N.S. artist captures pets in photo mosaics
Exactly one week before his birthday in early June, my husband first mentioned the Leatherman Wave, a 10-centimetre-long multi-tool that does everything but unclog the kitchen sink.
For someone who isn’t exactly a multi-tasker, he seems quite keen on a tool that is, so I’ve filed the idea away for another time, because this year I’m getting him a framed picture of our cat.
Thanks to Nova Scotia artist Krista Wells, and self-confessed dogaholic, there’s a new way to personalize home decor and pay tribute to special pets at the same time. Simply send her a photo of your dog, cat, lizard or bird and she’ll use it to create an intricately patterned photograph that at first glance looks like a ceramic tile.
A rare hearing disorder forced Wells from a successful career as a sound technician. She now works exploring the visual arts from her home studio in Diligent River, near Parrsboro.
On a scenic, 80-hectare property overlooking the Bay of Fundy and Cape Split, she draws, paints, sculpts, and makes prints and jewelry. She also blogs from the point of view of a Portuguese dog named Ruca.
Wells came up with the idea for Ditto Dog Photo Mosaics in 2004, when a pattern emerged while she was sifting through hundreds of photographs taken on a trip to Portugal. Most of the pictures were either dogs or tiles — her two favourite subjects — and from the corner of her eye, an overlay of images suddenly morphed into a mosaic design.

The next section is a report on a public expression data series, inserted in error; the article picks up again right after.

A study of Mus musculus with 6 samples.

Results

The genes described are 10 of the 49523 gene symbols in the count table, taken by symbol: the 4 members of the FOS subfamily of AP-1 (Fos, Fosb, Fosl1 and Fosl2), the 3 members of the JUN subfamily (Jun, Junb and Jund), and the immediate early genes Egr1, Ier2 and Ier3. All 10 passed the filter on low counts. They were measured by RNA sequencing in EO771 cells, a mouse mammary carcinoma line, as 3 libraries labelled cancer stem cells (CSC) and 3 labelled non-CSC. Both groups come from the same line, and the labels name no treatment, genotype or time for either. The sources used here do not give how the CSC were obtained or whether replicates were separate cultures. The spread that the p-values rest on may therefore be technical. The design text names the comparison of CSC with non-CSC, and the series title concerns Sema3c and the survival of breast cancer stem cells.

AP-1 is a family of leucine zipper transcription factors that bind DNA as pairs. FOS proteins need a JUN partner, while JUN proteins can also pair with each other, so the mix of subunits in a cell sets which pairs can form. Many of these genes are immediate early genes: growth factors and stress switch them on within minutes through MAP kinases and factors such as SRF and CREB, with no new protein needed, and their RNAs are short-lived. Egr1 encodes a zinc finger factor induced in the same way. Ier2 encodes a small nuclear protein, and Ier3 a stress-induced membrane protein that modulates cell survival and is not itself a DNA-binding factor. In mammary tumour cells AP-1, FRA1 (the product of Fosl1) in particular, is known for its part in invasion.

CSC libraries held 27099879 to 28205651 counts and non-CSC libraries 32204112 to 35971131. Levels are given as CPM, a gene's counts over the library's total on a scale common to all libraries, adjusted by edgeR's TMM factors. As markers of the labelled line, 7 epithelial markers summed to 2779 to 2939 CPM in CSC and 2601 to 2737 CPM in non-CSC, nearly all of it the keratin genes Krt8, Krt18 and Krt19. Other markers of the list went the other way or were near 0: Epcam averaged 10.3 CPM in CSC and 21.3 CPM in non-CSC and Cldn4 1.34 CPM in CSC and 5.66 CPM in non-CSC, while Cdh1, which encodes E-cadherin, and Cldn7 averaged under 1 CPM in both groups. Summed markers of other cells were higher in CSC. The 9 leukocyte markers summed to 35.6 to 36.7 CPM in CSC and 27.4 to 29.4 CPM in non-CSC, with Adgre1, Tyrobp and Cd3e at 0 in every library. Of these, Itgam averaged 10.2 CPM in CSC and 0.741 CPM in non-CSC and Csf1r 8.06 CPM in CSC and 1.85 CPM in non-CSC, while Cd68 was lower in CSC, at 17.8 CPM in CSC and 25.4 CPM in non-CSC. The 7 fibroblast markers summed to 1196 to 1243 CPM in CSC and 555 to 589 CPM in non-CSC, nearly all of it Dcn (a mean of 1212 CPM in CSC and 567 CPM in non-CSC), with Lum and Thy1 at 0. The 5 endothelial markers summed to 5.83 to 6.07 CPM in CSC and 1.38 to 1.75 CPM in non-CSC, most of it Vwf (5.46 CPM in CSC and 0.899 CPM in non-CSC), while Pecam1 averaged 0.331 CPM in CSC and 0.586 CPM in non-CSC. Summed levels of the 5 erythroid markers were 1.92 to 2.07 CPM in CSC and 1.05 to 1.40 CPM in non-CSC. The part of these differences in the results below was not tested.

Mosaics have been part of interior spaces for a few thousand years. Early materials like shells, pebbles and terracotta led to more uniform squares of glass, porcelain and ceramic that are laid individually like the pieces of a puzzle.
Many contemporary mosaic tiles come pre-spaced on 12-by-12 inch mesh sheets, which is a huge bonus for do-it-yourselfers, but installation remains a painstaking, time-consuming process that is best left to professionals or those who don’t mind irregular grout lines.
Ditto Dog Photo Mosaics, on the other hand, require little more than a good digital camera and an eye for background. The main thing to keep in mind is that the photo must be in focus and the background must be distinct from the pet.
So steer clear of black dogs on black sofas. And don’t do any tidying before taking the picture: the messier the photo’s background, the more distinctive the mosaic pattern will be.
Prices for framed custom images range from $75 for a 10-by-10 inch frame with a 4.5-by-4.5 inch image, to $125 for a 16-by-22 inch frame with a 11.5-by-17.5 inch image. Unframed images are less expensive. Shipping costs vary with the size of the mosaic, whether it’s framed or not, and where it’s going. Contact Wells for an estimate. She can be reached at 254-2972 or www.kristawells.ca.
I’ve decided to immortalize our tabby cat, Basil, in a 16-by-22 inch format. I don’t really like cats — essentially because they’re not dogs — but my husband does, and he especially likes Basil. Besides, birthday presents are about pleasing others.
Next year, I’ll get him the Leatherman.
Shop Therapist Suzanne Robicheau lives in the Gaspereau Valley, where she will be seeing much more of her cat Basil.